Tibet uses sci-tech mechanism for cultural relics protection
As a treasure trove of cultural relics with unique styles and great history, southwest China's Tibet Autonomous Region has made steady progress in the science-based protection of cultural relics over the past few years.
Since 2012, Tibet has introduced science and technology into cultural relics protection, laying a foundation for bettering such conservation works in the future, the regional cultural heritage bureau said in a statement.
There was only one sci-tech protection laboratory and one relics repair room in all cultural relics protection institutions in the region before 2013. No single piece of equipment for relics protection and research was valued at more than 100,000 yuan (about 15,630 U.S. dollars).
From 2013 to 2015, the region started with the preventive protection of movable cultural relics using advanced science and technology. A joint relics protection laboratory was set up by Tibet Museum and several institutions from other provincial-level regions.
Science-based protection was further expanded to movable treasures in lower-level museums, temples and monasteries between 2016 and 2018, and the awareness of cultural relics protection was notably heightened.
During a 2018 visit to the Potala Palace, a UNESCO World Heritage Site, Premier Li Keqiang inquired about cultural relics protection, saying the country will offer more support for research on precious documents and advance cultural inheritance and exchanges.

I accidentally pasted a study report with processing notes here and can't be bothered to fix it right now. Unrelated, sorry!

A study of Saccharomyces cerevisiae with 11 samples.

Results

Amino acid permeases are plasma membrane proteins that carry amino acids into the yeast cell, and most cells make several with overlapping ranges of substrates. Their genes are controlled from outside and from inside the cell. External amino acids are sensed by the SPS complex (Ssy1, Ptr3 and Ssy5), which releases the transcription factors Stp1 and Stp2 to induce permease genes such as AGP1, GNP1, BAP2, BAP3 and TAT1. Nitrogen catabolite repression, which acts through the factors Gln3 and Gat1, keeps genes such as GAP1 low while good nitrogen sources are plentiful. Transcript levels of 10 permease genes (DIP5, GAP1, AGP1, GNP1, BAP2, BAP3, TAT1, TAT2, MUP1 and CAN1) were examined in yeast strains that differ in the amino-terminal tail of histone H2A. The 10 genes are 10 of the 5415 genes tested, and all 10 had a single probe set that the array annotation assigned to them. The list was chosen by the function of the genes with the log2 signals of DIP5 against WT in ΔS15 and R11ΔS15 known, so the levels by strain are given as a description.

Following Li's inspection, local authorities paid even more importance to cultural relics protection and pushed the protection efforts for movable articles to a new height.
Since 2019, the region has actively sought collaboration with other provincial-level regions. The Potala Palace's management forged cooperation with universities and research institutions for a national-level research project on cultural relics protection against major natural disasters a year later.
"Science-based protection of cultural relics in Tibet has reached a new level since the turn of 2016," said Liu Shizhong, director of the bureau, adding that 230 million yuan from central finance was handed out to the region for 30 protection projects from 2016 to 2020.
"Tibet has seen an increasingly heavy use of science and technology for the protection of cultural relics," Liu said in an interview with a newspaper under the National Cultural Heritage Administration.
Over the past decade, the Potala Palace has tapped state-of-the-art technologies for mural digitization, building structure monitoring, monitoring and early warning system, online ticketing, as well as a smart security system.
World heritage site Norbulingka, meaning "treasure garden" in the Tibetan language, has also carried out dynamic monitoring, structural detection, relics information collection and the interpretation of their values.
Noting that science-based protection is a long-term task, the bureau said it will build on existing sci-tech protection practices and further use modern technology in repair and protection, archaeological excavation, security work, as well as monitoring and early warning from now to 2025.
The region will also combine traditional methods with new technology, protect important ancient documents and move relics museums online, according to the bureau.
The region currently has 4,277 cultural relics sites of all kinds, of which 1,985 sites are under government protection at different levels, stated a white paper released earlier this year.